Russia's Securities Czar: "I Want The Market To Work"
When a band of minority shareholders showed up for the annual meeting of oil company Tomskneft in Moscow last June, they were met by a note tacked to the wall telling them the session had been moved to a town about a four-hour drive from the capital. They couldn't make it on time, and in their absence, the company's majority shareholder, Yukos Oil Co., annulled previous decisions and elected a new board. That's the abysmal state of shareholders' rights in Russia.
Enter Igor V. Kostikov, 41, Russia's new securities chief. A self-proclaimed Thatcherite, Kostikov was appointed in February by President Vladimir V. Putin to head Russia's Federal Securities Market Commission (FSMC). In a country where shareholders' rights are regularly trampled, running the FSMC is a thankless job. Indeed, Kostikov's predecessor, Dmitri V. Vasiliev, resigned last October, frustrated with the government's lack of support for the organization and the creeping pace of market reforms.
Now Kostikov has to deliver where Vasiliev failed. Newly elected Putin desperately needs more foreign capital to pull off an economic turnaround. But with ample evidence that Russian companies don't respect ownership rules, many an investor prefers to place his money elsewhere. "This is the single biggest issue--the reason why people are afraid to invest here," says Bill Browder, manager of the $450 million Hermitage Fund. Only about $30 million changes hands on Russia's benchmark RTS stock index on an average trading day--a tiny sum compared to emerging markets such as South Korea, which turns over about $2 billion to $4 billion a day on its main stock exchange.
An effective securities commission could help change that imbalance. "I want to accomplish something here," says Kostikov. "I want the market to work." To strengthen the agency, he plans to ask for an increase in its paltry $2.1 million annual budget. And he hopes to add to his staff, which numbers 1,000 civil servants who earn an average $75 a month.
How much extra money and support Kostikov gets will depend largely on Putin and the new government that will be formed after his inauguration in May. Meanwhile, the commission plans to step up its monitoring of Russia's financial markets, from the country's 12 exchanges to its 20 biggest financial companies. And Kostikov plans to propose new legislation to close loopholes in corporate-governance laws, as well as changes to the criminal code to hold company owners and managers personally responsible for violations. Currently, the FSMC isn't authorized to order an investigation, only to notify law-enforcement authorities of alleged violations. Kostikov hopes to work with other agencies on investigations.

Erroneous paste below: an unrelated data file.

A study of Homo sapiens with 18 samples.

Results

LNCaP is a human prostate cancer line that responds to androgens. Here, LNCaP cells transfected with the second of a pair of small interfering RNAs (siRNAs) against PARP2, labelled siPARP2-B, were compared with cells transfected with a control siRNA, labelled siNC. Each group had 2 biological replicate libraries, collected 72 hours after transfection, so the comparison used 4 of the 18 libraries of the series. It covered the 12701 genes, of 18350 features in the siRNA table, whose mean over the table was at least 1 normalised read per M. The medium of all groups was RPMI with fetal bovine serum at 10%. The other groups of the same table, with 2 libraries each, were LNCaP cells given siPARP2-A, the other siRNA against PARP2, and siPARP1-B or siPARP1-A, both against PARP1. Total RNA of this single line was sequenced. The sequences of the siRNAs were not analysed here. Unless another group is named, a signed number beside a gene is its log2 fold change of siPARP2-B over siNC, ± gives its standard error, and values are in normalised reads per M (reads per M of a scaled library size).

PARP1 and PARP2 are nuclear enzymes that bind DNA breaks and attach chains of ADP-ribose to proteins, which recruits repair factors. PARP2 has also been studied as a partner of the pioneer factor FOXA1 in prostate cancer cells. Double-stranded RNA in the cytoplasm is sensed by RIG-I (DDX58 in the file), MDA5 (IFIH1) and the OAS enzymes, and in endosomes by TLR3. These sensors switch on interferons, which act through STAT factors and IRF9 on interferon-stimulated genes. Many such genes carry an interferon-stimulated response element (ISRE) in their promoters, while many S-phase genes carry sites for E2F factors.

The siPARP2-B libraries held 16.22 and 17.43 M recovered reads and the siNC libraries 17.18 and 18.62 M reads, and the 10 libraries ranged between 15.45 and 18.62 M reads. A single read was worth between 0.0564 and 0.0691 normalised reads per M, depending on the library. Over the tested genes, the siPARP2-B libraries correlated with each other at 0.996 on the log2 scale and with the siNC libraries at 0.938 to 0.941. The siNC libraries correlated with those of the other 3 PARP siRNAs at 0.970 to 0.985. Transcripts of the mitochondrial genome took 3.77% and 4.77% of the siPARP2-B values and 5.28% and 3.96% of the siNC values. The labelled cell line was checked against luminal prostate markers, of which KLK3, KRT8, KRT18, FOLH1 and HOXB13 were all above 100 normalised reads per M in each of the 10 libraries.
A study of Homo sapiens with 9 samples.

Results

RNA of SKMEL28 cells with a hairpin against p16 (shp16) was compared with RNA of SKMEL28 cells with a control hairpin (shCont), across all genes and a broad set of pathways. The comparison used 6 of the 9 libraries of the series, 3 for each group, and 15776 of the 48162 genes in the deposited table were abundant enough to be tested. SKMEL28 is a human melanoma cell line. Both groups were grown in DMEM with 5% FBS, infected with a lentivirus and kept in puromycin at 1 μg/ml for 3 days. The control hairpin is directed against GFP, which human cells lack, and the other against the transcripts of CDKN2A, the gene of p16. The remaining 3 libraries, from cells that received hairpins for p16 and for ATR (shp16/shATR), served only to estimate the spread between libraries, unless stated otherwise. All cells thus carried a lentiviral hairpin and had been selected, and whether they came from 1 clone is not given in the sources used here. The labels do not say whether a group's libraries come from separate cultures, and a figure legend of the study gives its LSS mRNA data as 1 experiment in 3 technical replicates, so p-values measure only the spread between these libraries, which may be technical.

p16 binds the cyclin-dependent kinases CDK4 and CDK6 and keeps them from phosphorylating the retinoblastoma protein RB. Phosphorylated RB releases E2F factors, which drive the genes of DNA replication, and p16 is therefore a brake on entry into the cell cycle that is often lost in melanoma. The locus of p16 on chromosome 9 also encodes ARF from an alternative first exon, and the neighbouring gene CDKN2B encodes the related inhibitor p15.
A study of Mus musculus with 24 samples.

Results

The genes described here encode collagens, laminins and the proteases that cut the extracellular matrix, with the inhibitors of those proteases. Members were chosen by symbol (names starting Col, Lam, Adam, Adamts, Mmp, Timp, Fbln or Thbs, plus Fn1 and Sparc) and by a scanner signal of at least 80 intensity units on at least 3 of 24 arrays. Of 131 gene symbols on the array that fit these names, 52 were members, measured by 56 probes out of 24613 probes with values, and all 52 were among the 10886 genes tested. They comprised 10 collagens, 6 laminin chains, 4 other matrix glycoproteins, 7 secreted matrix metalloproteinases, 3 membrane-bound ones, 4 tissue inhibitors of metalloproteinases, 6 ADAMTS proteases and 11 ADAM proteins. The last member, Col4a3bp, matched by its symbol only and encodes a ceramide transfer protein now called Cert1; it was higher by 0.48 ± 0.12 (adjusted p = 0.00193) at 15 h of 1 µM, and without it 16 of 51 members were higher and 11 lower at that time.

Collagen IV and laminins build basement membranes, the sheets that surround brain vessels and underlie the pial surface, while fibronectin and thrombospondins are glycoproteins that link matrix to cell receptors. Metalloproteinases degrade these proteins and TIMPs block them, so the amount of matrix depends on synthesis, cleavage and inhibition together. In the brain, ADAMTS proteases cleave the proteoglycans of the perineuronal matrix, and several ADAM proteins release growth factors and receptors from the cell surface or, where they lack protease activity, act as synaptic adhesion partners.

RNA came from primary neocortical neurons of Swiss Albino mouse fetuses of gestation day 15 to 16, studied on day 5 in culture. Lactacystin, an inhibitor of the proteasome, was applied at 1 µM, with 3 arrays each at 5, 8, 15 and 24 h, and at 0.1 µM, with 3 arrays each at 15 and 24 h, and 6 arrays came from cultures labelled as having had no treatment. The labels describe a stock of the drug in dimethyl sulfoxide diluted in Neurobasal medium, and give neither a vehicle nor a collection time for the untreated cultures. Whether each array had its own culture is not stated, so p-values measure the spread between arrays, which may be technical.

OLD PRO. Kostikov certainly has the experience necessary to go after suspected securities-law violators. A native of St. Petersburg, he received one of Russia's first-ever securities licenses in 1991. After training in fund management in London in 1992, he returned to create his own financial company, AVK. It helped develop Russia's first municipal-bond market in St. Petersburg, one of the few regions to avoid default during the country's 1998 financial crisis. Earlier, Kostikov earned a doctorate in economics in Moscow and studied at Georgetown University and Oxford, where he completed a thesis on privatization in Britain and made friends in the Conservative party.
Kostikov's commission could face its first test cases soon. A law passed in 1998 limits foreign ownership in Unified Energy System to 25%, even though foreigners hold about 30% of the shares. Kostikov says the law violates rights of foreign investors and should be reviewed by parliament or the courts. Investors are also watching oil company Surgutneftegaz as it carries out a merger with its parent company, Surgut Holding, which some investors have protested.
As he tries to strengthen his agency, Kostikov faces problems beyond his own control as well. To enforce securities laws, he must rely on Russia's shaky court system, which is still trying to shed the Soviet-era practice of merely rubber-stamping local party leaders' decisions. "The main issue now is the courts," says Kostikov. "They just haven't had enough practice."
Still, the new securities chief is optimistic that he can make a mark. "Only the one who begins walking will get to the end of the road," he says. It's going to be a long walk.